Starbucks is making some massive changes to its rewards program, sending coffee lovers into a frenzy.
On Tuesday, the coffee giant is rolling out its new rewards program. The new system changes how many stars customers will have to earn to get free food and beverage rewards.
Starbucks is famous for its rewards program, which is seen as one of the best in the restaurant business. In January, the company reported that its rewards program had 16.3 million active members in the US, an increase of 14% year-over-year.
With such a massive customer base, tweaking Starbucks Rewards can be a risky game. And, customers are already worried that they could be ripped off under the new system as Starbucks works to win over more casual coffee drinkers.
Here are the biggest reasons why people are freaking out.
Many people are freaking out about the disappearance of their stars, which Starbucks Rewards members can cash in for food, drinks, and other rewards.
“We’re resetting your Star balance with this change,” Starbucks explained in an email to “green” loyalty program members. “Because tomorrow, every new Star you earn will add up to Rewards, big and small — that means more of your favorites free.”
Previously, customers became “green” members when they first signed up for the loyalty program.
If you have already achieved Starbucks gold status by earning more than 300 stars in the past year, don’t worry — you’ll get to keep the stars you have earned.
However, if you aren’t a Starbucks gold member, it looks like you are going to lose all your stars.
Starbucks did not immediately respond to Business Insider’s request for comment.
While some people are freaking out about losing stars, even more are worried about stars being “devalued.”
Previously, customers could cash in 125 stars for any food or beverage item. Customers typically earned two stars for every $1 they spent.
Under the new program, customers will continue to earn two stars for every dollar spent. However, the chain will now offer a tiered program, with customers being able to cash in stars after spending less money.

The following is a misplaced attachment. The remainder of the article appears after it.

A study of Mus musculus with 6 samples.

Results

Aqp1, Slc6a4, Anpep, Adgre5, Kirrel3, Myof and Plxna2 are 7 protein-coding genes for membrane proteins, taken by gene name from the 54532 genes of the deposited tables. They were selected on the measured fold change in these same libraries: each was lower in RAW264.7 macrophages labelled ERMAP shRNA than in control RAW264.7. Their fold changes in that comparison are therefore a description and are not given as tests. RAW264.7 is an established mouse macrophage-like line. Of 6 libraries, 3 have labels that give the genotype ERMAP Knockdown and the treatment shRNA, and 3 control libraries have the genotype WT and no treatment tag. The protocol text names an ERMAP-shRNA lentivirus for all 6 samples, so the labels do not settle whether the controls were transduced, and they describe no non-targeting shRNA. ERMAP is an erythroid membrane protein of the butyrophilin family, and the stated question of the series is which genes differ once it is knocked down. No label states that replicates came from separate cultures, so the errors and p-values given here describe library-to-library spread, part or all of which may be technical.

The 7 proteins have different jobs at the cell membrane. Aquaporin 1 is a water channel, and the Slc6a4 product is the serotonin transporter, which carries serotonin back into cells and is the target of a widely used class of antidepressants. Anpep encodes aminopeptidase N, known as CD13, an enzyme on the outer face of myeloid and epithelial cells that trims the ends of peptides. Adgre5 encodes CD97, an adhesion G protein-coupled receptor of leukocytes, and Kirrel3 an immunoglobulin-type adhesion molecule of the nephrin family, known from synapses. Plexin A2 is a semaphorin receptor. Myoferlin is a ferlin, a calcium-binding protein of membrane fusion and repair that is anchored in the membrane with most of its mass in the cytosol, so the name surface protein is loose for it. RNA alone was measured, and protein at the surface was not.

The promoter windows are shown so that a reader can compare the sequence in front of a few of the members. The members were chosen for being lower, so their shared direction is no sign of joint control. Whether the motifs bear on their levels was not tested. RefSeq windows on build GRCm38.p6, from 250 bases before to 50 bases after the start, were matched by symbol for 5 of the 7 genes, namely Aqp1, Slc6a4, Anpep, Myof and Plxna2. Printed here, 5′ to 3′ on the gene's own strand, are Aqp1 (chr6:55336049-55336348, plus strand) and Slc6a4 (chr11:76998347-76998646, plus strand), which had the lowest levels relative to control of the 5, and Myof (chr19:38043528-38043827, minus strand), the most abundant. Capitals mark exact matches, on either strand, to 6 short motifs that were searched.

When they earn 25 stars, customers can now customize their drink with an extra shot, flavor, or dairy substitute; at 50 stars, they can get a brewed hot coffee or tea or a bakery item; at 150, they can get a handcrafted drink or breakfast; at 200, they can get lunch; and at 400 stars they can get select merchandise and bagged coffee.
Handcrafted drinks and food are some of the most popular rewards. Since these items will now “cost” 150 stars instead of 125, many people are already displeased with the change.
So, is it actually a worse deal?
In the old program, customers would have to spend $62.50 to get a free drink or food item, which Mizuho Securities estimates to be worth roughly $5.50. Strategic customers might get a more expensive food item or beverage, but that’s about a 9% return.
With the new program, customers can get a brewed coffee or bakery item after spending just $25, an 11% yield. But, it is objectively a worse deal for handcrafted drinks and breakfast sandwiches. Under the new program, customers will need to spend $75 to get the roughly $6 item for free, an 8% return on investment.
As of Tuesday, it will no longer matter if you’re a loyalist or using the rewards program for the first time.
“Currently there are two levels to the Starbucks Rewards program,” a representative for Starbucks told INSIDER when the change was announced. “Starting April 16, Starbucks Rewards will move to a single-level program where all members can begin to earn Stars toward free Rewards from the day they join.”
Some analysts are predicting that Starbucks loyalists might feel betrayed, as gold members and new members alike will receive the same rewards. Mizuho analyst Jeremy Scott said he expects “some noise with some of its more loyal members” in response to the change.
“Through a new tiered redemption system, the program will meaningfully increase the rewards yield for ‘entry-level’ customers while reducing the yield for its more premium members,” Scott wrote in a recent note. “The move is a reversal of sorts from the 2016 transition, which benefited larger spenders, but it’s in concert with the company’s strategy to grow frequency among its more casual customers.”
Starbucks customers will likely have to deal with a bit of chaos as employees and coffee lovers transition to the new points system.
“[W]e expect most of the headaches will come from customer confusion with the new system, especially in-store, where it may take an extra beat in the transaction,” Scott wrote in his note.
“Your account information may take a little longer than usual to update or be unavailable while we make these exciting changes,” Starbucks said in an email to customers on Monday. “We thank you in advance for your patience.”